I've been curing olives for quite a few years and have run the range of lye cures, salt box cures and various brines. After a number of variations I find that I'm happiest just using salt and patience. It doesn't get more simple than this but it does take some effort in the beginning and a lot of patience as they cure.
By not using more complicated cures I can wait to decide what to flavor them with and marinate them with herbs, oil and other things like garlic or peppers in small batches to suit whatever mood I'm in at the time. Though most often we simply eat them as they are from the basic brine.
If you don't live near an olive area you can order raw olives online. They range broadly in price.
I arrange ahead with an oil producer who is kind enough to sell me olives from his orchard. I get them for about $2 a pound. In past years even curing 4-6 pounds has left us buying olives by the end of the year. This year I'm putting up about 8 or 10 pounds.
I try to plan ahead as best I can and understand that the olives I put up today will be the ones we are eating the following year. Once you get in the habit it's pretty simple and makes for a nice seasonal family tradition.
Step 1: What you'll need
Salt! Any non-iodized salt will do. I don't know that you couldn't use iodized salt but every person and recipe I have seen or talked to has warned against it. Easy enough to just get non-iodized. I like kosher salt. The important thing is that it dissolves well in water. So, something like a corse sea salt will be fine but take more time. It's up to you.
Jars. Any glass jar you can seal will work. I used wide mouth jars in the past but eventually found I prefer glass milk bottles. The narrower neck makes it easier to keep any floating olives in the brine and we have a steady supply of them as we buy milk in glass bottles. You can use canning jars, apothecary jars or big decanters with bales on them. Whatever works for you. In my case I find a two pound bag of olives fits well in a 64oz/1.87 liter bottle.
A way to heat the water
An uncooked egg
A small sharp knife
A large bowl
Step 2: The brine
You heat some water and start adding salt. I've not bother to measure it in most cases as the ideal according the vast majority of sources is to add salt until an egg floats in the water. That would be an uncooked and unbroken egg.
Gently heat a quart or so of water and add a half cup of salt. You'll need more than that but it's a good place to start. Once the salt dissolves see if the egg floats. If it doesn't, add more salt until it does.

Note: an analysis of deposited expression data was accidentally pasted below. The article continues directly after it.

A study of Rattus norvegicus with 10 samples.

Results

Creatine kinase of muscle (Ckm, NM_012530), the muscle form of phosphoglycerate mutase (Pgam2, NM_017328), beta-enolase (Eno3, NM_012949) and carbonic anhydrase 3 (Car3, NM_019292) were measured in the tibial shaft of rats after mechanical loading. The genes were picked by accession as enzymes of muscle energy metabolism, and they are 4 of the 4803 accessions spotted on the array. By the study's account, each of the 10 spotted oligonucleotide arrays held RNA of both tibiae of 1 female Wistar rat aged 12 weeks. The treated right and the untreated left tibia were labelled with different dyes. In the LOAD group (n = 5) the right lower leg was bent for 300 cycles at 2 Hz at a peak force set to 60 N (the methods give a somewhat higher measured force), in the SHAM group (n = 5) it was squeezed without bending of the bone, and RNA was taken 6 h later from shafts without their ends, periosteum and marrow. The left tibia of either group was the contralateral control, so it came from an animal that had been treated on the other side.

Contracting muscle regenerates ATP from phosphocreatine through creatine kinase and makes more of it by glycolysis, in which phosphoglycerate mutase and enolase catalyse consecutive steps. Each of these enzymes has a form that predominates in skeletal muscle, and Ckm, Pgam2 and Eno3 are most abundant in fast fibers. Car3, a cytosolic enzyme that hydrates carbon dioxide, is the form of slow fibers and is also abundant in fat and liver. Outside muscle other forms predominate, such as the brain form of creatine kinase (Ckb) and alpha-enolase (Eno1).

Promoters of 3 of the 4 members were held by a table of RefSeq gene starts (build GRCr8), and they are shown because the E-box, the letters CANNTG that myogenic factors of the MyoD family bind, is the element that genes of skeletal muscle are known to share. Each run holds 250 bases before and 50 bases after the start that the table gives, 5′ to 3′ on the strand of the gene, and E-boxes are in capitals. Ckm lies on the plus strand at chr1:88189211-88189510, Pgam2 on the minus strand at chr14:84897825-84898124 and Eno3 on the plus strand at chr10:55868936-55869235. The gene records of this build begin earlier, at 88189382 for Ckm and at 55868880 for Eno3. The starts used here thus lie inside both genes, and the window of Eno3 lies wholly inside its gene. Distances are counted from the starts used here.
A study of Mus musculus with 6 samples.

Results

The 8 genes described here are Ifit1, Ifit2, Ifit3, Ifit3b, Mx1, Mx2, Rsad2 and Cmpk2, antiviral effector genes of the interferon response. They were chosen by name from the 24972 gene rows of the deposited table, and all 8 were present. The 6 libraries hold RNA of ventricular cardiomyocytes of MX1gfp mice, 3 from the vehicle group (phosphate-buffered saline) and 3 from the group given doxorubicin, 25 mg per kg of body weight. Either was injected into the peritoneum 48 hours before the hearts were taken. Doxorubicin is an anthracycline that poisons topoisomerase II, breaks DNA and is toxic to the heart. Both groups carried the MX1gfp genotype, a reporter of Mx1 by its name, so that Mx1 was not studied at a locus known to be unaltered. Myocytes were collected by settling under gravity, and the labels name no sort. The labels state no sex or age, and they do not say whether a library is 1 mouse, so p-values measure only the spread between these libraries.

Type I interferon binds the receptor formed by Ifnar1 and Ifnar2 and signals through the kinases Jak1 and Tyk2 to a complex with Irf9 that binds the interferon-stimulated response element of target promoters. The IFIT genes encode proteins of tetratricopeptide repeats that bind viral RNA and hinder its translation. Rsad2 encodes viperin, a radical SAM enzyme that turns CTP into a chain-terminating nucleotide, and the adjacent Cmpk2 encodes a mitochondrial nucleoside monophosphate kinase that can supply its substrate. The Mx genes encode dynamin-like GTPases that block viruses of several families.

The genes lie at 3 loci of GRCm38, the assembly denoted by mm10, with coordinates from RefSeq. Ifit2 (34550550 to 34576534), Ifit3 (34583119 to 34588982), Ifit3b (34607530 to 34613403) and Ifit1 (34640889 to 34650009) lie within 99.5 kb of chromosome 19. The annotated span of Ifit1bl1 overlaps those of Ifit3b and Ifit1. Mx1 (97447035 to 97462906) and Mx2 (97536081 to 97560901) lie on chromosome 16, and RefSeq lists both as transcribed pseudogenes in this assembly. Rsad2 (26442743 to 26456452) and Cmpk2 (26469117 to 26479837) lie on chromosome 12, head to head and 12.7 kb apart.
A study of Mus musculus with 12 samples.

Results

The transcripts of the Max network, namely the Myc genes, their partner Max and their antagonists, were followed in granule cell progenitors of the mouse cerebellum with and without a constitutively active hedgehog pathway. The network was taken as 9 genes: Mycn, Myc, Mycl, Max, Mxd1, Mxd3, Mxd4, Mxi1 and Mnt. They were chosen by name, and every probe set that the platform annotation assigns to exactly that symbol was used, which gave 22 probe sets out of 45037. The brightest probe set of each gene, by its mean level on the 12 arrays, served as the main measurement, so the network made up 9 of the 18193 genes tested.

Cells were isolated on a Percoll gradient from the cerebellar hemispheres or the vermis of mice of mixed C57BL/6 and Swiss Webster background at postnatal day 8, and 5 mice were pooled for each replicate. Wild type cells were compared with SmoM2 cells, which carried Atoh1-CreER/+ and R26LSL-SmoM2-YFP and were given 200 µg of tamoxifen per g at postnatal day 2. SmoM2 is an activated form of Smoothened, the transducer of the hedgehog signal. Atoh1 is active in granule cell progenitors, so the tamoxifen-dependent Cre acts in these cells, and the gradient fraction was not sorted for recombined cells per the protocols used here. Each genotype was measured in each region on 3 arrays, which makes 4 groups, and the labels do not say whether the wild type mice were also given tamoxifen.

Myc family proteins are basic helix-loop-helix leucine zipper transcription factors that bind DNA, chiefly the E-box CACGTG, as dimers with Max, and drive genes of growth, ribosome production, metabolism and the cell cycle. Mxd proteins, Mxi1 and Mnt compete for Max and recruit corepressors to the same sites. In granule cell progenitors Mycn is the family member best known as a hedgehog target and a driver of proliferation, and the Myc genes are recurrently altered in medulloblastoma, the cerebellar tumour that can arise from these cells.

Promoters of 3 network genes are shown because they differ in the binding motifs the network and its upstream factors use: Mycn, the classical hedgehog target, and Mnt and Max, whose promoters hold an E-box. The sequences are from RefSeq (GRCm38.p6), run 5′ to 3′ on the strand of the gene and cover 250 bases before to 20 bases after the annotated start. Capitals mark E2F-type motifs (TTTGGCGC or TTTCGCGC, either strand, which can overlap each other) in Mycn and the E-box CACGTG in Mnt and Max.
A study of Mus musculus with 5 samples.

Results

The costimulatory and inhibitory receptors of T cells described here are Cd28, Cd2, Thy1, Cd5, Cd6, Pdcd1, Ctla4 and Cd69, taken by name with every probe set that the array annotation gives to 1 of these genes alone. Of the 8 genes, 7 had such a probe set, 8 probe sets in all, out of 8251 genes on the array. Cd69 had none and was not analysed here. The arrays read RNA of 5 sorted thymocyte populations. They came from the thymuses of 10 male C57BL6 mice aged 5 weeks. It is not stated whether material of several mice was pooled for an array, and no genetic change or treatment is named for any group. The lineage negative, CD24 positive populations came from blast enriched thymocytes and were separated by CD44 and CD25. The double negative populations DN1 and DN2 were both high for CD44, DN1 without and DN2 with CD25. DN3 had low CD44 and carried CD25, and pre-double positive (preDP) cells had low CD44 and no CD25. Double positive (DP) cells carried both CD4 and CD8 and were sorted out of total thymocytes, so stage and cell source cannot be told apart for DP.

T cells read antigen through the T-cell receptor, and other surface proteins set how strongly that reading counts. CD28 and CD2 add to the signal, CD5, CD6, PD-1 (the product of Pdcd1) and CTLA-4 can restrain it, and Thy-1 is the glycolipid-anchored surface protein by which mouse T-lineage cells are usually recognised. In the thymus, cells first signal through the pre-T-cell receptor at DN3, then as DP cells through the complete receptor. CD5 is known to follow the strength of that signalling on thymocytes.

Once the egg floats you're brine is strong enough. Set it aside and let it cool while you crack the olives.
Step 3: Cracking the olives
Cracking the skin allows the brine to penetrate and cure the olives. You can cure without cracking but it takes a very long time with a simple brine cure like this. I have a batch I tried without cracking that's just now edible after almost two years in the brine. That's a very long time for a meal. Though, they are pretty and taste as good as any.
When you score with a knife be very careful not to cut the pits. Fresh olives are bitter as it is and cutting the pit can release even more of the chemical that makes them so.
Once your olives are cracked it's time to brine them.
Step 4: Brine the olives
You want all the olives submerged to prevent spoiling. I turn mine regularly to keep them covered in brine. Maybe once a day at first.
After you add the brine close the container and set them aside. Some will say to leave them in a cool place other refrigerate. I refrigerate mine, no doubt one of the reasons it takes them longer to cure but I feel safer and have yet to trust a cool pantry or cellar.
Many recipes will call for changing the brine several times in the beginning. I have done this and have had better personal luck making a stronger brine and just leaving them be.
I lost a couple batches early on from not making the brine strong enough. Disappointing but I learned from the experience.
If you encounter mold or slime or mushy olives, discard them. Botulism is a real danger in food preservation. I'd much rather lose a pound or two of olives than risk this kind of food poisoning. It can be lethal.
Step 5: So when are they ready?
For me the learning process of repeatedly tasting them as they cured was valuable. Each week they got less and less bitter until I felt like I could eat them. The texture changed as well and became more and more what I had expected in an olive.
If you're olives are too salty you can soak them overnight in fresh water before you intend to eat them. This would also be a good time to marinate them in oil with herbs and other flavorings to taste.
They'll keep for about a week after you take them out of the strong brine.